Australia recommits to eradicating ancient disease

Photo credit: GAVI Alliance

RESULTS International (Australia) Media Release

RESULTS International (Australia) applauds the commitment re-iterated by the Australian Government to eradicate polio from the entire world.

Australia will be investing $100 million towards the campaign, with the aim of eradicating polio completely by 2018. This investment not only honours an aid commitment made by the previous Labor government, but also shows the Abbott government’s dedication to eradicating the disease by extending and increasing our commitment.

This investment will be hosted by the Global Polio Eradication initiative (GPEI), which is the coordinating body for all international agencies working to eliminate and eradicate polio.

Polio is a viral disease that is transmitted through contaminated food and water, and multiplies in the intestine. It can affect the central nervous system, and causes paralysis in one in every 200 infections.

Since its establishment in 1988, GPEI has successfully reduced polio cases by more than 99%, from more than 300,000 per year to just 417 cases in 2013.

The announcement by the Foreign Minister came with the opening of Rotary’s 105th International Convention on Sunday. Hosted in Sydney this week, Rotary’s annual convention was opened Sunday by the NSW Premier Mike Baird and Prime Minister Tony Abbott and expects to see more than 18,000 international Rotarians.

“Eradicating polio around the world has been an Australian project,” Samantha Chivers, Global Health Campaign Manager at RESULTS Australia, said.

“It was a Queensland Rotarian, Sir Clem Renouf, who lived through the eradication of smallpox and had the vision that polio could be eradicated in the same way,” Samantha continued.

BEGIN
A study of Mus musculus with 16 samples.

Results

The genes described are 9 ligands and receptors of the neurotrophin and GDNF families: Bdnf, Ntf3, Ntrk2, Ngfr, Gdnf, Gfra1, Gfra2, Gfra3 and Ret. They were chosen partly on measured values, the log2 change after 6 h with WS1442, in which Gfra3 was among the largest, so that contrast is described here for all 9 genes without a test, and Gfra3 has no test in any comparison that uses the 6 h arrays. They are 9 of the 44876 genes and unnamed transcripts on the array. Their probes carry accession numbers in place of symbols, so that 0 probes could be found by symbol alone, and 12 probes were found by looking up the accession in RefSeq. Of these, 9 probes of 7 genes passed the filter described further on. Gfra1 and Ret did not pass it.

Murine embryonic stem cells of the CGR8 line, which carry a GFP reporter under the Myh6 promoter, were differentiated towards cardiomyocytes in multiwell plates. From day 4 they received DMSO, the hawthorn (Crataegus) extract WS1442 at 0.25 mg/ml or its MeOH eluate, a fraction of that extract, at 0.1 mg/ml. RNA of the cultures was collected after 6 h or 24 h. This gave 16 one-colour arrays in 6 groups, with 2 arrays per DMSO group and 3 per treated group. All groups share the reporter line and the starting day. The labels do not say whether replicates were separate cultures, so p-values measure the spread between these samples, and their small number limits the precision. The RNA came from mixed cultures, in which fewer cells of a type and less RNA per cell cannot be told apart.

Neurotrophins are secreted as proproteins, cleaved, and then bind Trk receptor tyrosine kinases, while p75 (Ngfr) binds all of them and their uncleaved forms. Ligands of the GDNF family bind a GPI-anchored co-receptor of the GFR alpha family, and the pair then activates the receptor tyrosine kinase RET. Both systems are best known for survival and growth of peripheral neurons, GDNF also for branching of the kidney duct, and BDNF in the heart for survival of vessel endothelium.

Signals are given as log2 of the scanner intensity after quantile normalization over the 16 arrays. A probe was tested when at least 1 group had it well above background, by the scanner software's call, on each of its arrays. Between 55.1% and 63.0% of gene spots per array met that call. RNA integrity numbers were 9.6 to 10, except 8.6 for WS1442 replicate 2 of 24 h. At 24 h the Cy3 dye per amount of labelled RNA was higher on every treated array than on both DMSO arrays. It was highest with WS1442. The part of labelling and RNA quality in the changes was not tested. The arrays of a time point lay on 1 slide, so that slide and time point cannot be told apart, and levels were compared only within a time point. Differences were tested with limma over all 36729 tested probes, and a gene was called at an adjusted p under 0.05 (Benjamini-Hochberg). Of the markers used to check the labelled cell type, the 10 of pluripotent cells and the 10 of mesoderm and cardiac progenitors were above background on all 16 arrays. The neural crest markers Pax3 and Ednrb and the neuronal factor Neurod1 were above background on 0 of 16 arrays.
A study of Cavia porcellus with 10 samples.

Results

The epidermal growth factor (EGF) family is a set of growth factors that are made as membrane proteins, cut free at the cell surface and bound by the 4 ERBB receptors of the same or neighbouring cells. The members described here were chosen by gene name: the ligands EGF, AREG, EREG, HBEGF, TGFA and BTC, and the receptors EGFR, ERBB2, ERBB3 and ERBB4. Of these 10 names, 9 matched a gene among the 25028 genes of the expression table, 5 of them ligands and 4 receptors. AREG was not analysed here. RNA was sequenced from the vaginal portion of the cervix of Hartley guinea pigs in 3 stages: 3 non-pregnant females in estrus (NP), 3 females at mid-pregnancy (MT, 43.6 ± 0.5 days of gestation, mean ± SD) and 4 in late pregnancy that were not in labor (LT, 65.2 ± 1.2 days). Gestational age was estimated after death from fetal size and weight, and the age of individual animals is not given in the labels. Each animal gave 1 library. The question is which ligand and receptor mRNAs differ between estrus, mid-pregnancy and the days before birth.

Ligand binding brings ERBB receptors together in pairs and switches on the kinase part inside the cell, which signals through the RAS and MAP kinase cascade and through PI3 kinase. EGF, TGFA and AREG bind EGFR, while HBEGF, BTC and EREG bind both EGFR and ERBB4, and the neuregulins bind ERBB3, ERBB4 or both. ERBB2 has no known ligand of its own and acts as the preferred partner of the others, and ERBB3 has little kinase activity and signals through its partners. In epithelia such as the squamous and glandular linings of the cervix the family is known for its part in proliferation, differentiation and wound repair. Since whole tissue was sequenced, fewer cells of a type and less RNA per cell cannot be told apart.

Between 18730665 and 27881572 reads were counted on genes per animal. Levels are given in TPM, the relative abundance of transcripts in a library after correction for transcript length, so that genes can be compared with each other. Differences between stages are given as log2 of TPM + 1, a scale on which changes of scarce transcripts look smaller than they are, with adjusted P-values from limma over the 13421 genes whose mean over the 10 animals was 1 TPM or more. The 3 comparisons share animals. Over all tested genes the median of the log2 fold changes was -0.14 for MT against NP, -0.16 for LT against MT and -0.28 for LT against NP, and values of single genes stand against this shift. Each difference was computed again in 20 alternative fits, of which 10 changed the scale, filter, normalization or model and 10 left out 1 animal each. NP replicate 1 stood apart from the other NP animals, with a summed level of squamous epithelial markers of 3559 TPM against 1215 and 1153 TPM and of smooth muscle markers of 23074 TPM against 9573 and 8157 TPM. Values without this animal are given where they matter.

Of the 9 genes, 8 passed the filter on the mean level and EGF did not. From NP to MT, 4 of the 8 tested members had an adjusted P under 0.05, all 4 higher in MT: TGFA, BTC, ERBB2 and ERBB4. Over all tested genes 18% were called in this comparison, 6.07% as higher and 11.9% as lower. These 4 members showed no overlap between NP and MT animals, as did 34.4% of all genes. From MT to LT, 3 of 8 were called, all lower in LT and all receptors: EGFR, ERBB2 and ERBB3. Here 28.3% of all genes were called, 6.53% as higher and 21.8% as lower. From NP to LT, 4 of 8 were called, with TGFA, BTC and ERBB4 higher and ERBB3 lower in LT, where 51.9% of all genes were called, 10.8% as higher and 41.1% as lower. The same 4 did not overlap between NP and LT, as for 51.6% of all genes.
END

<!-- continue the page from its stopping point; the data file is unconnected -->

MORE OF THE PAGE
“Australian aid and community support has been vital in supporting GPEI and keeping the issue high on the agenda. Now we have to up the ante, as that last 1% will be the hardest.”

India, a country of over one billion people, saw its last case of polio in 2010, and was certified polio-free by the World Health Organisation in March this year. India joins the Pacific, Southeast Asian, European and American regions in being completely polio free.

Polio now remains endemic in only three countries: Nigeria, Pakistan and Afghanistan. However, cases are beginning to re-emerge in countries including Ethiopia, Iraq, and Israel. War-torn Syria, whose health system has collapsed, was polio-free for 14 years, and was re-infected with the virus from Pakistan.

At the beginning of May, the World Health Organisation declared that the spread of polio is an international public health emergency.

Endemic polio is preventable by vaccination, with oral vaccination of three drops being the preferred method so far.

“The public health community has seen great success with the oral vaccine. However, in order to completely eradicate polio and not just prevent infection in an individual, an injectable vaccine is needed, and this complicates the logistics and increases the price substantially,” Samantha said.

The GAVI Alliance is the leading partnership providing vaccines to the developing world at low prices. GAVI announced earlier this year that it will begin supporting injectable polio vaccine (IPV) to 73 of the poorest countries in the world by the end of the year.

“We are very encouraged by the commitment made yesterday,” Samantha said.

“Increasing vaccination is a very effective use of our aid money. Now we need to see more support made to GAVI as well, so we can completely destroy this ancient disease forever.”